Fishermen against wind farms

Fear large-scale development will damage their livelihoods

wind farms

Photo: Halvard Alvik / NTB
A small fishing boat in Ålesund.

FRAZER NORWELL

The Local

The Norwegian Fishermen’s Association fears that the large-scale development of offshore wind farms will cause damage to their livelihoods.

Large-scale expansion of the wind farms could cause irreversible damage to coastal fishing, the association has said.

“There is a risk of destroying one of Norway’s most important industries in order to build up something (wind energy) that we don’t know the impact of,” the leader of the Norwegian Fishermen’s Association, Kjell Ingebrigtsen, told newspaper Klassekampen.

There are about 11,000 fishermen in Norway according to official data, hauling in around 2.5 million tons of fish each year. Around 40,000 jobs depend on the country’s fishing industry.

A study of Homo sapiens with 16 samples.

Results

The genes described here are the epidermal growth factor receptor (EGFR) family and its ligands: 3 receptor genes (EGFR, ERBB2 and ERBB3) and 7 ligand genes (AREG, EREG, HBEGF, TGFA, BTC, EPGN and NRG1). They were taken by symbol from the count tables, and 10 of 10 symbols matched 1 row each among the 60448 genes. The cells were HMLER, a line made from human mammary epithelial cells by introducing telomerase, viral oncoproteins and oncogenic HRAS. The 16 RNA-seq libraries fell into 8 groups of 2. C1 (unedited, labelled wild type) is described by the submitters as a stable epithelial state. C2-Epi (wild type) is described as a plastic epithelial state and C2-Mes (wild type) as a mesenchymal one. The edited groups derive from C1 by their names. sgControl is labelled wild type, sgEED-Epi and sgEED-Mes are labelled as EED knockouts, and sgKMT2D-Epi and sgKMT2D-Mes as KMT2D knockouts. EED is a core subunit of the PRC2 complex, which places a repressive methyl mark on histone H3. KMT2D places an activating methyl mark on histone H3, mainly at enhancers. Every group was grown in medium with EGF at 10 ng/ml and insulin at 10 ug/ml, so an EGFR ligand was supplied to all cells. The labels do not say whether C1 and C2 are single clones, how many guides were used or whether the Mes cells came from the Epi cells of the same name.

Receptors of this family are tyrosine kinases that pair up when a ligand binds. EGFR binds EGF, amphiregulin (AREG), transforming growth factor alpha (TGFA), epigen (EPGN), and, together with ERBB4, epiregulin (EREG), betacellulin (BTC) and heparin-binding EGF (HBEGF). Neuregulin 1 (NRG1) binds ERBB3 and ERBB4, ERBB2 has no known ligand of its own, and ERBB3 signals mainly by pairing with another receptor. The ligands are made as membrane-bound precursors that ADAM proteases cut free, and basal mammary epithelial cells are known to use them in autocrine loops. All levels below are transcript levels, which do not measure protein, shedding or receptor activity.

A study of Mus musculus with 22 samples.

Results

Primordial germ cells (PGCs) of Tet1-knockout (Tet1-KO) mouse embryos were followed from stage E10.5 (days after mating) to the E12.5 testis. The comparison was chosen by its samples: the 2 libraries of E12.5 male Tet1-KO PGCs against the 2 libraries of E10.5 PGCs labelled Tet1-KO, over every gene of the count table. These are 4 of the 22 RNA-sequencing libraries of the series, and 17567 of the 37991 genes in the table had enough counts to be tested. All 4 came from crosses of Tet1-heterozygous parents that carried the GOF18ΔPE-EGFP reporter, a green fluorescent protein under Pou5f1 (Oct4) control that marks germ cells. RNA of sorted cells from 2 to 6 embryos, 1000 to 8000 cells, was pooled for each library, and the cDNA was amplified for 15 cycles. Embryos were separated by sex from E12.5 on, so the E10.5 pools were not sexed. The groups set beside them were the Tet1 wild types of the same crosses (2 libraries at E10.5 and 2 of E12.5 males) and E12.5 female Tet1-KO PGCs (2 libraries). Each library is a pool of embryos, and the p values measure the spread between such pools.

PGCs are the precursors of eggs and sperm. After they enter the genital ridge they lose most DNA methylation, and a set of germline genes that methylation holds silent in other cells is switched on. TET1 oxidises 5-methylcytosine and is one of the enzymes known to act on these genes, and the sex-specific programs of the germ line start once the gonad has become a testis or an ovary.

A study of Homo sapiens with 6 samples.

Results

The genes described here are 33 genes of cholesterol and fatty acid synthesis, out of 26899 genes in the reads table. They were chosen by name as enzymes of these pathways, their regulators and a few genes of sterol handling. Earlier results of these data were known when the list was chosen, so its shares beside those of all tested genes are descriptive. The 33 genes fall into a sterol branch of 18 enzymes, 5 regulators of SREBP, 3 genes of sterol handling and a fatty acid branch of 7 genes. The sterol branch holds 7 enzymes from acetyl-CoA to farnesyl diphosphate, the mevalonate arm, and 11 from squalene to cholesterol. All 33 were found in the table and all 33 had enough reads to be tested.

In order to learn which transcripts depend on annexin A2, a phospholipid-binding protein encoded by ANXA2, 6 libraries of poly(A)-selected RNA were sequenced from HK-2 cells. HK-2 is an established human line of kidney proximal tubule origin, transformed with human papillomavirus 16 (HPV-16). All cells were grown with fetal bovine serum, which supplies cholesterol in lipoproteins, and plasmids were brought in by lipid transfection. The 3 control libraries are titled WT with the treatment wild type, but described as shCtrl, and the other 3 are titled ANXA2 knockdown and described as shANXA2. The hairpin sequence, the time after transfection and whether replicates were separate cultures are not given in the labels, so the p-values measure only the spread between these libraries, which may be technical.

Offshore wind is one of the fastest growing forms of energy globally, meanwhile. The EU plans to expand its wind capacity to 25 times its current size by 2030.

Most political parties in Norway also see large-scale development of offshore wind as an important part of the shift toward green renewable energy.

Ingebrigtsen says he believes this rapid development of wind power could cause permanent damage to the fishing industry.

“It is important to have good climate solutions. But you cannot just push the challenges out to sea. It will have major consequences,” he told Klassekampen.

Although Norway’s sea area is six-and-a-half times larger than its land mass, Ingebrigtsen says offshore wind farms and fishermen are both vying for the same space.

“Norwegian sea areas are large, but both 

This article originally appeared in the April 23, 2021, issue of The Norwegian American. To subscribe, visit SUBSCRIBE or call us at (206) 784-4617.